Thursday, July 21, 2011

How to Survive a Bike Ride in 99 Degrees Heat

Not Chicago, but damned if it doesn't feel like it.

Yes, it is July and much of the nation is in the throes of a heat wave so intense, it borders on the comically ridiculous.  Forecasts festooned in red warnings litter the and (I can only assume) the television. Ideally, in such instances, all travel would be suspended and people would just stay where the air is properly conditioned and life can move on in semi-comfortable circumstances.

Unfortunately, life is anything but ideal. I submit as evidence the aforementioned comically ridiculous heat wave.

For those without a car, this leaves the options of either taking public transportation or biking. Both options are sweaty and uncomfortable in their own special way. Either way, you will spend significant amounts of time out in the sun and the heat. The question is, do you want to be standing there, crammed in next to a bunch of other sweaty people, or do you want to physically exert yourself during one of the most dangerous times to be physically exertive?

If you have decided, like I did just yesterday, that you prefer option number bike, then here are some suggestions to help you cope with your ride.

1: Resign yourself to the likelihood that you are embarking on possibly the worst ride in the entire history of bicyclized transportation. First, better to set expectations incredibly low so that, if anything, you will be surprised that you made it. Second, because this might just actually be the worst ride of your life.

2: On a related note, don’t die. If you feel yourself dying, or as though you might be edging in that direction, stop. This is a good general rule of thumb regardless, but deserves to be restated. Don’t die.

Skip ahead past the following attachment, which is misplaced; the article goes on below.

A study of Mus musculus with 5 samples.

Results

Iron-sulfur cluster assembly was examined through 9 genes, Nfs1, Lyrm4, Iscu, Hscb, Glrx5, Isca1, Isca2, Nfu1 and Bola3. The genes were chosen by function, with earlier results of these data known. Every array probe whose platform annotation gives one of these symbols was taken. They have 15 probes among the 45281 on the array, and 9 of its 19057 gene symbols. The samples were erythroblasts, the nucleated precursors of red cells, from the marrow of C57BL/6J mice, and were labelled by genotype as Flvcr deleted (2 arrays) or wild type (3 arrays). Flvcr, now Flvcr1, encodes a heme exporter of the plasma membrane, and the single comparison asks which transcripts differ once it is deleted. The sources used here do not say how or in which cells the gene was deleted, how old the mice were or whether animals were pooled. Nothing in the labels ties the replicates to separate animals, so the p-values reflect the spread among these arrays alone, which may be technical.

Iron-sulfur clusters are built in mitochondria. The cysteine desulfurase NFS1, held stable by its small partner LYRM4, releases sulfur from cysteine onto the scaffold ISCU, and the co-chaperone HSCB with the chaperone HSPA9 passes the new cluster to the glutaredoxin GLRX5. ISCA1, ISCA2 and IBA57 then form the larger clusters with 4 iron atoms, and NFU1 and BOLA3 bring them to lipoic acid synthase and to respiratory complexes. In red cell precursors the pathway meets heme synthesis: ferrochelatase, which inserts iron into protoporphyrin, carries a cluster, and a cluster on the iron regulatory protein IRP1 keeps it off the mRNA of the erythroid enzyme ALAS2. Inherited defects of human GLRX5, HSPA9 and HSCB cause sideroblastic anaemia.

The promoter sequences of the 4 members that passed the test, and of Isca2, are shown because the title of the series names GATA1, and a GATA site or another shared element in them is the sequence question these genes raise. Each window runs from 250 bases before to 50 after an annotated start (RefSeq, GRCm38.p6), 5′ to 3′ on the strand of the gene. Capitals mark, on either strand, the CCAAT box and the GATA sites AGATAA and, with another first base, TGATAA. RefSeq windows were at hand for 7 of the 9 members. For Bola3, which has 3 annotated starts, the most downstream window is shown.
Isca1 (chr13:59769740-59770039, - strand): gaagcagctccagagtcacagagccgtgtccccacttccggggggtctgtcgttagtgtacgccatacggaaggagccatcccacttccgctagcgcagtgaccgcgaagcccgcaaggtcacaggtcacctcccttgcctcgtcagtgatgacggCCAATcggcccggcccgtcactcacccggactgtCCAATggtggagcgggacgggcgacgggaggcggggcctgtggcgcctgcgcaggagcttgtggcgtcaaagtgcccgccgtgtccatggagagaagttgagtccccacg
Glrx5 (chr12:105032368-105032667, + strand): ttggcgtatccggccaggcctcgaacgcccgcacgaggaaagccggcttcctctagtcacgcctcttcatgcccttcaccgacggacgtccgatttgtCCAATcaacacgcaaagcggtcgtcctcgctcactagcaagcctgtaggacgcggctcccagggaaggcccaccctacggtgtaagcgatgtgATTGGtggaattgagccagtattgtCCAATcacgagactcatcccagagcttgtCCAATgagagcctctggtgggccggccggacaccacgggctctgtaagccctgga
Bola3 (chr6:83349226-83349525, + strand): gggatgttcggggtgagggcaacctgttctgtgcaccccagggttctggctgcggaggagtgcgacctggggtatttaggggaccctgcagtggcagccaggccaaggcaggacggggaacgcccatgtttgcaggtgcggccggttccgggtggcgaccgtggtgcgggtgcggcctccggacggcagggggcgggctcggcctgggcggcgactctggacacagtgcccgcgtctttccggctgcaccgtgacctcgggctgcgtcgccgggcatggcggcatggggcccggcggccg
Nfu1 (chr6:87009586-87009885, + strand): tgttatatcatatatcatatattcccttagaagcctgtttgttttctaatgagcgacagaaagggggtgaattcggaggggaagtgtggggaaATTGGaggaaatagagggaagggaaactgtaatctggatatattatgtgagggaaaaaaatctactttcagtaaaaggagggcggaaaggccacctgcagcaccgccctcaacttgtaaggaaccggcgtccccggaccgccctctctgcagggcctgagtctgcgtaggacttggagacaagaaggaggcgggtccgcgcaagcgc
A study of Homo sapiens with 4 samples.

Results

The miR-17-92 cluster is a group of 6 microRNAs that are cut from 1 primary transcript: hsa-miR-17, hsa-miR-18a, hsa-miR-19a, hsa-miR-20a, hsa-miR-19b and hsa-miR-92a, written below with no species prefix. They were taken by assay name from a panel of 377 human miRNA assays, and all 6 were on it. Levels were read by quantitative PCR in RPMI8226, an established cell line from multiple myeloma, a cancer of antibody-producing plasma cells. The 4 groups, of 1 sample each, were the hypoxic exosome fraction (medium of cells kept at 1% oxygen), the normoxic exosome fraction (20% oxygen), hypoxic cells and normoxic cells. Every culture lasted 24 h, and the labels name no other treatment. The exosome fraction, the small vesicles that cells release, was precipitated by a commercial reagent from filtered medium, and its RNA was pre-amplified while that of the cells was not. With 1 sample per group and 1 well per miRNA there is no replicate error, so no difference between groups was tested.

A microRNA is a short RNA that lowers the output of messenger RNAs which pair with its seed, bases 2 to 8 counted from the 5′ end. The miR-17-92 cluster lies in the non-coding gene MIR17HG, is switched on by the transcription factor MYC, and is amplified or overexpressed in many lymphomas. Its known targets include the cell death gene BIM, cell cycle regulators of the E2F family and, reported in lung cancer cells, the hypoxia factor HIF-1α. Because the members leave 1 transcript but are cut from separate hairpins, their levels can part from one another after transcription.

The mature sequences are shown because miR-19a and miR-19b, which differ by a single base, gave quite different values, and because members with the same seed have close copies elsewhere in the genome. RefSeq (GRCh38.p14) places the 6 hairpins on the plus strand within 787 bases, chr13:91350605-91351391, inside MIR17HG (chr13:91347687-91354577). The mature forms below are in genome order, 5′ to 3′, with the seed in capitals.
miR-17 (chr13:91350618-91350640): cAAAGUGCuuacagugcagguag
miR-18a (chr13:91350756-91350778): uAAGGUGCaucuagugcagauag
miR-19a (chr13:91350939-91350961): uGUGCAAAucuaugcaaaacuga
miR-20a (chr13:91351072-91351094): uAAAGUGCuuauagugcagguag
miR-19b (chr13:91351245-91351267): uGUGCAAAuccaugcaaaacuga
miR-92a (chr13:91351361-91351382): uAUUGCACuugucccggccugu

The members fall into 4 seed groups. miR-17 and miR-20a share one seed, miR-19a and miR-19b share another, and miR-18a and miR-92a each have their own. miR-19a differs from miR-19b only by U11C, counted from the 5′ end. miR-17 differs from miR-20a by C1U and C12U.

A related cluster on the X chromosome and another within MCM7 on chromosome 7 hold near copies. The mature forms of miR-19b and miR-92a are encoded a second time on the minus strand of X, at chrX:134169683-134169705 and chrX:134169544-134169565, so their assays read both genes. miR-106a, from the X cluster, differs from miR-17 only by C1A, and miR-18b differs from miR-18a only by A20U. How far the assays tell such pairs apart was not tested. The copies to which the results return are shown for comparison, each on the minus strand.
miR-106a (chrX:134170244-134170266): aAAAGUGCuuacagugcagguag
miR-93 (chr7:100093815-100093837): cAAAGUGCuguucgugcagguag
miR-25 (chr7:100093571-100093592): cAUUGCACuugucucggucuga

3: Stop for ice cream along the way. Not only will ice cream cool your overheated body, but it will also raise your morale. I like to stop multiple times and will often choose my route home based on the number of ice cream parlors along the way.

4: Do not start screaming unintelligibly. Trust me, it won’t help you. If anything, screaming just disturbs everyone around you – motorists, pedestrians, other bikers, police officers – making your situation more awkward and potentially dangerous. If you feel you have to scream, scream intelligibly.

5: Also, no crying. Crying saps your body of much needed moisture. In addition to that, the evaporation of your tears only adds to the humidity, which in turn heats up everyone else. This may cause people around you to start crying as well, which in turn adds to the humidity and thus creates a snow ball effect. Only, no snow.

6: You can pray to God but it likely won’t help. God most likely will be sequestered away in a cooled portion of heaven and will be unable to hear your cries over the drone of the AC unit.

7: Remove as much extraneous clothing as possible. No, it might not be pretty. You know what else isn’t pretty? A sweat soaked shirt on a panting gorilla-man riding down the street on a piece of metal.

8: Cover yourself in mud. If it works for pigs then it likely works for humans too.  Lost that pesky pride.

9: If all else fails, give up. Park your bike on the side of the road, and then find a taxi willing to pick up a grown man, naked except for what caked mud has not yet come loose, crying and blathering unintelligibly about how his ice cream cone melted.

Stay cool!

1 comment:

Seoulcially Akward Nessie said...

You sure know how to paint a visual in my mind, hahaha.